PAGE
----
OTTAWA — Capital expenditures on non-residential construction and machinery and equipment are expected to increase 7.0 per cent to $266.2 billion in 2021, reports Statistics Canada in its Capital and Repair Expenditures Survey, released Feb. 26.
The increase would follow a 9.2 per cent decline in 2020 largely attributable to the economic shock from the COVID-19 pandemic, stated a release.
While capital spending on non-residential structures is expected to reach $175.2 billion, up 7.5 per cent from 2020 and surpassing the level achieved in 2019, the $91 billion anticipated for machinery and equipment (up 6.2 per cent) falls short of fully offsetting the 13.4 per cent decline reported in 2020.
The survey is based on a sample survey of 25,000 private and public organizations. The survey on intentions for 2021 was conducted from September 2020 to January 2021.
The report indicated capital spending by public sector organizations is anticipated to increase by 9.3 per cent, surpassing the 5.7 per cent growth in 2020. Investments in privately held non-residential tangible assets are expected to increase by 5.6 per cent in 2021, well short of compensating for the 16.7 per cent decline in 2020.
Of the 20 industrial sectors, 14 have indicated plans to increase their capital expenditures in 2021, compared with five in 2020 and 15 in 2019.
The transportation and warehousing sector is expected to lead the way for investment in Canada in 2020 and 2021. Its capital spending is set to reach a record of $47.9 billion in 2021 (up 7.2 per cent), following a similar gain in 2020 (up 4.9 per cent) and a significant increase in 2019 (up 19.5 per cent).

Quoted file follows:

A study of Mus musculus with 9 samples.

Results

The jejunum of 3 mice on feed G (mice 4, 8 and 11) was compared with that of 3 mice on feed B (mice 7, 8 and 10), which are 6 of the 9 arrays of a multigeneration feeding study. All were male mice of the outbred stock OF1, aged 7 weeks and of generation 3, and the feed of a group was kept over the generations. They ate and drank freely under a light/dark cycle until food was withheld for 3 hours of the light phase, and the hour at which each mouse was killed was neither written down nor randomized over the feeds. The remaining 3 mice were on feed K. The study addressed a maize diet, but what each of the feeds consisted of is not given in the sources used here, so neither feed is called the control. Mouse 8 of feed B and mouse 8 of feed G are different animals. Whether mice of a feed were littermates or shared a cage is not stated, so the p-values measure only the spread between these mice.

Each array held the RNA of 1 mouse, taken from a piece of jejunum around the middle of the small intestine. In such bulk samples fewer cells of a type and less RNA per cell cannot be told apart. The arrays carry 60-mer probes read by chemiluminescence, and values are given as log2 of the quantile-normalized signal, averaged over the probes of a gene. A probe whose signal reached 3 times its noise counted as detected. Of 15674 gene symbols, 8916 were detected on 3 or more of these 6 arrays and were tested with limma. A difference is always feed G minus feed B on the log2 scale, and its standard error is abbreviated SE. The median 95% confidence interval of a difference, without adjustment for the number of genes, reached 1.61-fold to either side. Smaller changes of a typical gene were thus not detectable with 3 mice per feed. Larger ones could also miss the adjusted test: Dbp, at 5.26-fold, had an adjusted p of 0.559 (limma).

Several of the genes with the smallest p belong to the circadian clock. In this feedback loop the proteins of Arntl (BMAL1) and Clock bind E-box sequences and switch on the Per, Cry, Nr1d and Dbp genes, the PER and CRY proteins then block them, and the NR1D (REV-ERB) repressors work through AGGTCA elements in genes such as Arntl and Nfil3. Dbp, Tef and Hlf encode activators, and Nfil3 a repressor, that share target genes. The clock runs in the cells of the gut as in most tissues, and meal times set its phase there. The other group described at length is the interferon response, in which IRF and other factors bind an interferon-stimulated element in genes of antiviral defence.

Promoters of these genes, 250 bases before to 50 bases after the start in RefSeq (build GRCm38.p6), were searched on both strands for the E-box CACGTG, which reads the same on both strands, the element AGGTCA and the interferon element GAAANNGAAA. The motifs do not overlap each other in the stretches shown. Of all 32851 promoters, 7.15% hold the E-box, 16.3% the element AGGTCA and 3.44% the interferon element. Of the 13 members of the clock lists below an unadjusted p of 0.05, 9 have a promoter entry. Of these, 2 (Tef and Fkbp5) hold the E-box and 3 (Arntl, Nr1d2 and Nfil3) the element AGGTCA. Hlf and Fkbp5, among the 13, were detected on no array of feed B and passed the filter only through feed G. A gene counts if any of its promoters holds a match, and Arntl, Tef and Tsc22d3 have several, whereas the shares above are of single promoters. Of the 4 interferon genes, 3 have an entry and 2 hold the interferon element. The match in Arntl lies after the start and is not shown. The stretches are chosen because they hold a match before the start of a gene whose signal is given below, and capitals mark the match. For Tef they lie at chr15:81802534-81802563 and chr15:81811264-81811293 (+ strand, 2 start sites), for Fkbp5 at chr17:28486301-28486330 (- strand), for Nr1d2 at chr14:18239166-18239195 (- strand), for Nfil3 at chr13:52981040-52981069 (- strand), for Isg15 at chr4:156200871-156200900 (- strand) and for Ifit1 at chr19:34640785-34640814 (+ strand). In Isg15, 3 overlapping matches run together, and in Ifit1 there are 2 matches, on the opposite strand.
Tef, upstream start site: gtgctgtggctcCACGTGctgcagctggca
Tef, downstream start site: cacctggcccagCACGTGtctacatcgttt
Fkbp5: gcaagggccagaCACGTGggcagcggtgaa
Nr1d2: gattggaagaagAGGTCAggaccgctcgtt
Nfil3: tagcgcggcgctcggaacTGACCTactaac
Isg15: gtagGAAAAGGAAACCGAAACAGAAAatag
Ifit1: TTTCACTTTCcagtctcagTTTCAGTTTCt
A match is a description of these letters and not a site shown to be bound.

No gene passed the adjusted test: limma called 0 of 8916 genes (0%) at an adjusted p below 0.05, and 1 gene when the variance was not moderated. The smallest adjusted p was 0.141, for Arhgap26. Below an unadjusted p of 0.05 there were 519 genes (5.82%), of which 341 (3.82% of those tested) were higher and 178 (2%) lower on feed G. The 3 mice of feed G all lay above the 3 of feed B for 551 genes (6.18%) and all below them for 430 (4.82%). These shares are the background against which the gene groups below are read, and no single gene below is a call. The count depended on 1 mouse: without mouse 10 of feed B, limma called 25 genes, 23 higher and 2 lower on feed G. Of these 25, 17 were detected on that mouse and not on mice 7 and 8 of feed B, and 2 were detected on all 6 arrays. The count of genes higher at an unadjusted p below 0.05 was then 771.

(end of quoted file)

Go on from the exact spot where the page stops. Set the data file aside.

The transit and ground passenger transportation subsector should see its total investment in 2021 increase by 10.4 per cent (up $1.2 billion to $12.3 billion) because of several large-scale public transit projects taking place in Quebec and Ontario. The governments of Canada and Quebec announced they would each invest $1.28 billion in the projected $6.3 billion cost to complete the Reseau express metropolitain in Montreal. Large investments are also expected to take place in Ontario, with the City of Ottawa having held its groundbreaking ceremony for the $4.7 billion Stage 2 of its light rail transit project in September 2020. Similar public transit projects are also continuing in Toronto, with on the construction of the Metrolinx Eglinton Crosstown light rail transit project.
Capital spending in the mining, quarrying and oil and gas extraction sector is set to increase to $32.9 billion (5.2 per cent) in 2021, following a substantial decrease of $14.7 billion (31.9 per cent) in 2020.
Significant reductions in capital spending occurred) in the accommodation and food services sector in 2020 (down 29.9 per cent) and are expected to continue in 2021 (minus 26.6 per cent).
All but three provinces and territories should see their spending intentions increase in 2021, with the largest gains taking place in Ontario, up $7.0 billion, and Quebec, up $4.7 billion.
Increases are also anticipated in the pipeline transportation subsector (up $552 million to $13.0 billion) and in support activities for transportation (up $693 million to $10.7 billion). The majority of the investments for these subsectors would take place in British Columbia and Alberta.